As Election Day approaches and President Donald Trump continues to trail Joe Biden by high single digits both nationally and in key states, their respective bases are buzzing with either hope or dread that “the polls could be wrong again.”
In truth, public opinion polls are imperfect instruments, and there’s always bound to be some degree of error, especially given the widely varying quality of the nation’s pollsters. But Trump would probably need a larger polling miss than in 2016 to win re-election, and there’s no guarantee a systemic polling error this year would run in his favor.
First, it’s important to remember that in 2016, the final pre-election average showed Hillary Clinton leading Trump 46.8 percent to 43.6 percent nationally, according to leading polling aggregator RealClearPolitics. That wasn’t too far off the mark: She went on to win the popular vote 48.2 percent to 46.1 percent, not exactly strong evidence that hordes of “shy Trump voters” refused to tell pollsters their true intentions.
However, an examination of state-level polling reveals a clear and crucial pattern: In both 2016 and the 2018 midterm elections, state polls chronically underestimated Republicans’ strength in the Midwest and Florida, and underestimated Democrats’ strength in the Southwest.
Inspired by observations from Nate Cohn of The New York Times and Sean Trende of RealClearPolitics, I conducted a review of state-level polling accuracy in competitive 2016 and 2018 races for governor, Senate and president, measuring the final RealClearPolitics pre-election polling average against the actual result. (The review was limited to races that were sufficiently polled for RealClearPolitics to publish an average.)
The regional divergence was striking: In the Midwest and Great Lakes states, polls undershot Republicans’ final margin in 28 of 33 cases, including by an average of 4.4 points in the “Trump triumph” of 2016 and 2.5 points in the “blue wave” of 2018.
But in the Southwest, polls undershot Democrats’ final margin in 17 of 19 cases, including by an average of 1.4 points in 2016 and 4.2 points in 2018.
The Southeast was a mixed bag: In Florida, polls underestimated the GOP margin by an average of 2.4 points in 2016 and 3.3 points in 2018 — a polling error similar to that in the Midwest. In North Carolina, polls undershot Republicans by 2.8 points in 2016 (there was no statewide race in 2018). And in Georgia, there wasn’t a huge polling error in either year.
It’s not entirely clear why regional differences in the direction of polling error are so stark. But a big factor could be that harder-to-poll voters (those who work multiple jobs, lack a landline telephone or face language barriers) look a lot different from state to state.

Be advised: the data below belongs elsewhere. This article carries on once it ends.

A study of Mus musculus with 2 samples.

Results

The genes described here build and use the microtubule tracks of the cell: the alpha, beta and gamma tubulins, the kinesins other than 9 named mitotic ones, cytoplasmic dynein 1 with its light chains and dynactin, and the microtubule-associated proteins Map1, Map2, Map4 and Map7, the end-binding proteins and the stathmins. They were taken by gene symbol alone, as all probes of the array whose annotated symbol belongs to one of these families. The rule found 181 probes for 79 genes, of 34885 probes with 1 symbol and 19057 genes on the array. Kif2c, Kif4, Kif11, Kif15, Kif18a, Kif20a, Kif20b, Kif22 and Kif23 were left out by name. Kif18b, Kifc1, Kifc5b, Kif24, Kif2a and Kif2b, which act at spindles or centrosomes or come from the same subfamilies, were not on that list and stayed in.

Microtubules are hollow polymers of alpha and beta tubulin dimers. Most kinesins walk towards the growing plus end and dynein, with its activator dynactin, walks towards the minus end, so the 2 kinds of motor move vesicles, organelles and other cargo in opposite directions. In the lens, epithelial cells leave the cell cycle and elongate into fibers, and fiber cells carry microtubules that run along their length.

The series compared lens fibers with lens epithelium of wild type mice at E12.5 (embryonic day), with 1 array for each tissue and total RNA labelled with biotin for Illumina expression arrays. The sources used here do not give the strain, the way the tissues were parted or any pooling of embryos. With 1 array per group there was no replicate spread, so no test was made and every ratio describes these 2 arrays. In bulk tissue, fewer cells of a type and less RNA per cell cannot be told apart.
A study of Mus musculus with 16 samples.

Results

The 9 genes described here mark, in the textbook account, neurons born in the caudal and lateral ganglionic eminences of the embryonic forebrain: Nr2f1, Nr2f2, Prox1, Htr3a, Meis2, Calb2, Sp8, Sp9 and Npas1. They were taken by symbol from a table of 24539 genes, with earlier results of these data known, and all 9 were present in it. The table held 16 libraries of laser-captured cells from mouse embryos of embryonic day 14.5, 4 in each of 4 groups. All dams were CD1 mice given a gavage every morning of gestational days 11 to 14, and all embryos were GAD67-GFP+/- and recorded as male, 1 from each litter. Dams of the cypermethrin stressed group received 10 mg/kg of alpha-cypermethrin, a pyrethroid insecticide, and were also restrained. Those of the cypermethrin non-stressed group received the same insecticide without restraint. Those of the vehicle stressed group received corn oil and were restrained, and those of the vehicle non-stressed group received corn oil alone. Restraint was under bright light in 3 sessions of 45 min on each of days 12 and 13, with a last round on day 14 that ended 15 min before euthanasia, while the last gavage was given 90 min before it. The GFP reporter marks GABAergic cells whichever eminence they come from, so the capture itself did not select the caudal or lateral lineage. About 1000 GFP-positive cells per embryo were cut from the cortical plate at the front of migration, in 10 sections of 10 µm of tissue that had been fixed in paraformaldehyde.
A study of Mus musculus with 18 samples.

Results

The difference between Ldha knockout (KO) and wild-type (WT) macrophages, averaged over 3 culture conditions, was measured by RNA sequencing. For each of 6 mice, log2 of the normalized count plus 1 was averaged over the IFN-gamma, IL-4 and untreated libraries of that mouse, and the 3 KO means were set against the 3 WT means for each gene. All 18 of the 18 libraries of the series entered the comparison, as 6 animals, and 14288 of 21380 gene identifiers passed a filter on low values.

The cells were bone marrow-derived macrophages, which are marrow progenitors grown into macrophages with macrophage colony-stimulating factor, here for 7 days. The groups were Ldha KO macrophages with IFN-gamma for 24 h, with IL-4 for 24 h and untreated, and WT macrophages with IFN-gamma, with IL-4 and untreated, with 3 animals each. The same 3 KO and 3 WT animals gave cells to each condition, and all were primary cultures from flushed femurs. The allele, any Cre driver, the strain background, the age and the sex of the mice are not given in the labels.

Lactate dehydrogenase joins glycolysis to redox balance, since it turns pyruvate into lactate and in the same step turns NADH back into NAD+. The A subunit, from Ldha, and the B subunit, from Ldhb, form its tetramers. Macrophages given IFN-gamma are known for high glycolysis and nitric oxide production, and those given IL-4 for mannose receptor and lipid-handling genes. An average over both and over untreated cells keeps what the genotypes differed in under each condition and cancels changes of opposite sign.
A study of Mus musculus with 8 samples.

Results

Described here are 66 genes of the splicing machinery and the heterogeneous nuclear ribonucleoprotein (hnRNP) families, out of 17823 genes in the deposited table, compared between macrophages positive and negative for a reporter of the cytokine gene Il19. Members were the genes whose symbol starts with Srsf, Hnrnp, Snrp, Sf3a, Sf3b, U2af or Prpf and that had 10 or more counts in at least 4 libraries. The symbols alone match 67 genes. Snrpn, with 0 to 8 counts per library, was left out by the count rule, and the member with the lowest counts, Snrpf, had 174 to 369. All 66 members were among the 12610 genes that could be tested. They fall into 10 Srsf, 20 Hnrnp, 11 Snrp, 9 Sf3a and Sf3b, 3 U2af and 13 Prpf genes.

In the Upper Midwest, these voters are likelier to be white and GOP-leaning, while in the Southwest they are likelier to be Hispanic, young and Democratic-voting.
And to the extent that this November’s turnout soars to record-shattering heights, low-propensity voters who enter the electorate could confound pollsters’ models.
In 2016, only 19 percent of eligible Pennsylvania voters who failed to cast ballots were nonwhite (67 percent were whites without college degrees, Trump’s base demographic). But in Texas, 55 percent of the “eligibles” on the sidelines were nonwhite, as well as 43 percent in Arizona.
Another dynamic to watch: In 2016, exit polls found that voters in key states who made up their minds at the last minute broke heavily for Trump, who was running to topple the status quo. But this year, it’s Biden who is the “change” candidate.
Fundamentally, the current polling in the 2020 race is different from 2016 in three important ways.
First, Biden’s lead is larger and much more stable than Clinton’s was at this point. Second, there are far fewer undecided and third-party voters left to woo — reducing the chances of a late break toward one side.
And third, the scores of district and state-level polls conducted by the parties to make spending decisions in down-ballot races generally align with national polls showing Trump running behind his 2016 pace, including in key states. In 2016, these same polls had shown flashing red warning signs for Clinton, particularly in districts with lots of white working-class voters.
In the end, the only certainty in the polling world is some degree of error. There’s no guarantee 2020’s errors will boost Trump again or adhere to the Southwest/Midwest patterns we observed in 2016 and 2018.
But in light of recent evidence, it wouldn’t be all that surprising if Biden defies polls by winning a higher share of the vote in Arizona than Wisconsin — or breaks through in Texas more than he does in Ohio.